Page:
HVTN Clinical Research Agenda Specific Aims

The HVTN has had a request to post, in a transparent fashion, the scope of work that it plans to conduct in the upcoming competition.

The Section C of the HVTN LOC grant requested a detailed discussion (30 pages) of the scientific programs the HVTN planned to conduct in the upcoming grant period. The specific aims of this section are provided below. The intent of this posting is to provide, in a transparent way, for new and recompeting clinical trial sites an overview of the proposed scientific program of the HVTN. The document is specifically designed to accommodate the request from investigators interested in submitting CTU/CRS applications in the vaccine arena.  

This information will be removed post the submission date of the CTU application.

The HVTN Executive Management Team: Larry Corey, Glenda Gray, Dan Barouch, Georgia Tomaras, Susan Buchbinder, Scott Hammer, Jim Kublin, Troy Martin, Julie McElrath, Peter Gilbert


SAC1. To design and execute phase I clinical trials of candidate HIV vaccines.

1a. To execute fast-track experimental medicine studies that assess in a rapidly iterative fashion whether novel trimer, germline-binding or epitope designed vaccines elicit tier 2 neutralizing antibodies to HIV-1 or engage germlines associated with broadly neutralizing antibodies that can then be enhanced through sequential immunization. To develop the laboratory and analytical platforms to determine safety, relative immunogenicity, novelty, and potential to move these candidate immunogens into further clinical development.

1b. To execute novel non-neutralizing vaccine candidates/regimens that are designed to enhance T cells and non-neutralizing antibodies in their magnitude, breadth and function over the regimens utilized in HVTN 702 & 705. 

1c. To conduct phase 2 trials to advance into efficacy testing of selected vaccines, vaccine combinations, adjuvants and delivery systems by establishing consensus go/no-go immune and safety profiles and provide feedback to developers of these results.


SAC2. To design and conduct test-of-concept phase 2b as well as phase 3 licensure studies to determine whether candidate vaccines can significantly reduce acquisition of HIV-1 and/or limit the severity and early events of acquired HIV infection in a wide variety of at-risk populations throughout the world. To establish a robust integrated laboratory, statistical, computational and clinical platform to define, evaluate and analyze correlates of risk and immune protection in efficacy trials, including assessments of virus and host genetic variability between placebo and vaccine recipients; to correlate genotypic pressure with phenotypic immune responses and host factors in individuals as well as groups of vaccine recipients.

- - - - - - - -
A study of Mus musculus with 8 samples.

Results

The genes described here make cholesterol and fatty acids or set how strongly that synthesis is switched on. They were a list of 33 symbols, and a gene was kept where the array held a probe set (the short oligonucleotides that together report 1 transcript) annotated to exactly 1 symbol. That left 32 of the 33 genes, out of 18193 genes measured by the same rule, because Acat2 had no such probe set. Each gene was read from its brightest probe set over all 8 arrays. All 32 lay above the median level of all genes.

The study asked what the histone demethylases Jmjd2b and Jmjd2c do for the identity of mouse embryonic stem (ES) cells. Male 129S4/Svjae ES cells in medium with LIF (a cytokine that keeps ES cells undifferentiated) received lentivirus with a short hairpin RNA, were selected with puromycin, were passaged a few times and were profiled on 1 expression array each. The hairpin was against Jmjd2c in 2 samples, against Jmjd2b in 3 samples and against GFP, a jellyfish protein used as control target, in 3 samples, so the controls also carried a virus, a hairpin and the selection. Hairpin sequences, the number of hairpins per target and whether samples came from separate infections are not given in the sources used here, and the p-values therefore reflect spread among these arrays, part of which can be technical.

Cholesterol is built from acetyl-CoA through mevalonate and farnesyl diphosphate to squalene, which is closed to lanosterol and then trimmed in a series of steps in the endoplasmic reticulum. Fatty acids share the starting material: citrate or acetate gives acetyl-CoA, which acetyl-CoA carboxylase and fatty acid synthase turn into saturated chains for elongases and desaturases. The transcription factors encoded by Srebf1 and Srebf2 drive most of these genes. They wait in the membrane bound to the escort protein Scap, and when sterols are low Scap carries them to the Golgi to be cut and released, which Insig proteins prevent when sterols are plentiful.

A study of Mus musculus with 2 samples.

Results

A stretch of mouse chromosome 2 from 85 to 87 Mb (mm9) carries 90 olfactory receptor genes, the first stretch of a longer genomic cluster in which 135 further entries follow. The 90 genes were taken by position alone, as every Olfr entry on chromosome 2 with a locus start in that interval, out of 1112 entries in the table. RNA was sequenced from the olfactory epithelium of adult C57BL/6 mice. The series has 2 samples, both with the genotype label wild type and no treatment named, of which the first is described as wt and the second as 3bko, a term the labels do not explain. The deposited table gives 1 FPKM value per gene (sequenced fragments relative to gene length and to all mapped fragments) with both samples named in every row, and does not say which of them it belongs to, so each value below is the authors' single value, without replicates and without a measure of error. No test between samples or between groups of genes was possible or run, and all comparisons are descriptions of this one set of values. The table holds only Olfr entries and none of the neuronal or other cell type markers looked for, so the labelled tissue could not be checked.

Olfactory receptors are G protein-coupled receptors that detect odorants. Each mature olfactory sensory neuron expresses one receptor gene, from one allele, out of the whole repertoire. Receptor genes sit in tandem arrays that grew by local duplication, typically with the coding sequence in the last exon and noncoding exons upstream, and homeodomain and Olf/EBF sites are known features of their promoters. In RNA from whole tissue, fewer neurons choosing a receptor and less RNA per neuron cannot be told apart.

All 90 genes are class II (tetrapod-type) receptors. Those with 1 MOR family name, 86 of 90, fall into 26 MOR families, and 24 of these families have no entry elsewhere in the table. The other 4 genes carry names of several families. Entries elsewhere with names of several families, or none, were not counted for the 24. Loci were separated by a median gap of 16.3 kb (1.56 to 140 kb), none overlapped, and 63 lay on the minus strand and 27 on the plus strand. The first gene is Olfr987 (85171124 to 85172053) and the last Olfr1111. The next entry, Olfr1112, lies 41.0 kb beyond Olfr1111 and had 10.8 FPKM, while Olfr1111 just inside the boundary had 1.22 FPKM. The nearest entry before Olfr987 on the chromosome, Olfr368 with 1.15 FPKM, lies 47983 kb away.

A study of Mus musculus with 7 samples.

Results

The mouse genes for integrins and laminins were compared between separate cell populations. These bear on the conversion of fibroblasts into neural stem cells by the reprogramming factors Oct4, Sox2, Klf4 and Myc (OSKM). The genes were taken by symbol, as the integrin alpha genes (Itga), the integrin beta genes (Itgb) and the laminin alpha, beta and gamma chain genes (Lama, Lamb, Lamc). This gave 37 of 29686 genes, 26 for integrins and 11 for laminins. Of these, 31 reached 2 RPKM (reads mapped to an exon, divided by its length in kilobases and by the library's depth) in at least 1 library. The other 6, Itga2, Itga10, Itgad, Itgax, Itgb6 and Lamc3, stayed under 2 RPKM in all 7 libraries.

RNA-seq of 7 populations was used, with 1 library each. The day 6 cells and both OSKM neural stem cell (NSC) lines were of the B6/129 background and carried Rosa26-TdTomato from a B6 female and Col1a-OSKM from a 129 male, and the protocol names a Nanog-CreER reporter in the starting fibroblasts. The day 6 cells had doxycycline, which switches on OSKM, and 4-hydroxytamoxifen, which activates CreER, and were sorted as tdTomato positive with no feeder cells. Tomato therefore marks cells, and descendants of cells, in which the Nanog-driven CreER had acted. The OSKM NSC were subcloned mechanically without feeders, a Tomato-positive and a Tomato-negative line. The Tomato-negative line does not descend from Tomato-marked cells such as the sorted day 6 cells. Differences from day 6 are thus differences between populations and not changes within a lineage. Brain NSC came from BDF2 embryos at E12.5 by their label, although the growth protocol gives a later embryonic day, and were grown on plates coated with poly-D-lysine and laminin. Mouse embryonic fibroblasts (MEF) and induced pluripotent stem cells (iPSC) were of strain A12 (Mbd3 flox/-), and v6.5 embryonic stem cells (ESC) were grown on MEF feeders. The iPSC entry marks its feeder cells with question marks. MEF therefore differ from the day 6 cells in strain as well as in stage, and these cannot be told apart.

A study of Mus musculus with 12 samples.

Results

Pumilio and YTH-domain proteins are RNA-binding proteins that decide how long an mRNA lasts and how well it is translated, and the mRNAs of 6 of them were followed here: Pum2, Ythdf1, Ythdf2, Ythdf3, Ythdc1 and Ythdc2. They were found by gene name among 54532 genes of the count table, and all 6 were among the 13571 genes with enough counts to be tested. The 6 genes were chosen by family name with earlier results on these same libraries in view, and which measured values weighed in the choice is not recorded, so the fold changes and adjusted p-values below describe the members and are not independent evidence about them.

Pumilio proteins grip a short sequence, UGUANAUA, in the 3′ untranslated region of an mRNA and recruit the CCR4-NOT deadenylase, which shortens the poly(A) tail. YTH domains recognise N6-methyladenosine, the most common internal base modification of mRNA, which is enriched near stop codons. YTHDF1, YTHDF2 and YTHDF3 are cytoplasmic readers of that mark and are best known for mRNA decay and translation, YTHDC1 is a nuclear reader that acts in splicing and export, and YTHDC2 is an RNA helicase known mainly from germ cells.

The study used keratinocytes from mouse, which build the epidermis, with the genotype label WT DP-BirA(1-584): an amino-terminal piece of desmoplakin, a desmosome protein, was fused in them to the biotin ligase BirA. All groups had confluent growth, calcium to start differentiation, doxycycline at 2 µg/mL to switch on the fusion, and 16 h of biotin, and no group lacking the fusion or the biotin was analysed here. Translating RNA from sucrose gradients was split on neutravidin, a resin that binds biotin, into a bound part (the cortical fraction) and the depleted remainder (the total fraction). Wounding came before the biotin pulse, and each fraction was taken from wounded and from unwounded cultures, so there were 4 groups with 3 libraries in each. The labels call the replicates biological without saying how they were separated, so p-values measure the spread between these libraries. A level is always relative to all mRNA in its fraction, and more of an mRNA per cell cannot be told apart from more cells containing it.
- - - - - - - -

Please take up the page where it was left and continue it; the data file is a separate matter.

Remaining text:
SAC3. To develop with the HPTN a clinical trial, laboratory, and correlates program to evaluate passive immunization of single, multiple, or multi-specific broadly neutralizing monoclonal antibodies (mAbs) to reduce HIV acquisition in adults and to explore neutralizing antibody titer as a surrogate marker of protection.

3a. Completion and analysis of the phase 2b AMP studies (Years 1-2)

3b. Evaluation and down-selection of mAb cocktails and multi-specific mAbs (Years 1-3)

3c. Assessment of optimal mAb cocktails or multi-specific mAbs for high-level efficacy for prevention of HIV acquisition in humans from multiple risk groups and geographic regions (Years 3-7).


SAC4. To investigate vaccination in HIV-exposed and unexposed infants to induce bnAbs.

4a. To investigate vaccination in HIV-exposed and unexposed infants to induce broadly neutralizing antibodies using strategies such as B-cell lineage, germline-targeting, epitope-specific or SOSIP trimer immunogens.

4b. To evaluate the safety, immunogenicity and response durability of candidate vaccines in infants and other pediatric populations once efficacy in adults has been established.

4c. To explore the role of passive immunization of broadly neutralizing antibodies in protecting infants against breastmilk transmission of HIV-1 in collaboration with other networks that work with children and adolescents.

4d. To evaluate pregnancy-related outcomes of women who become pregnant in HIV or TB vaccine trials, including the follow-up of pregnant women and the evaluation of infant safety with the support of other networks working with women and infants.


SAC5. In partnership with ACTG and IMPAACT Network to form an integrated clinical trials program for TB that includes immunological, microbiological and diagnostic technologies to enhance the TB vaccine field globally by evaluating the safety and immunogenicity of TB vaccines for all age groups that (1) prevent TB infection, (2) prevent progression from TB infection to disease, and (3) reduce the risk of unfavorable treatment outcomes, particularly treatment failure and recurrent TB, and post-treatment morbidity and mortality when used adjunctively with TB treatment. 


SAC6. To regularly exchange information progress and plans with basic researchers, particularly those working with preclinical animal models, especially nonhuman primates, to maximize the insights required to advance the HIV vaccine field.


SAC7. To utilize research on epidemiological, behavioral and social sciences to optimize the outcome of HIV vaccine research, including vaccine acceptability, regimen adherence, and community engagement. To utilize the HIV epidemiology of communities within which we work to optimize the recruitment, enrollment and retention of participants into HVTN protocols and to define the behavior and societal factors that affect the participation in HIV vaccine trials.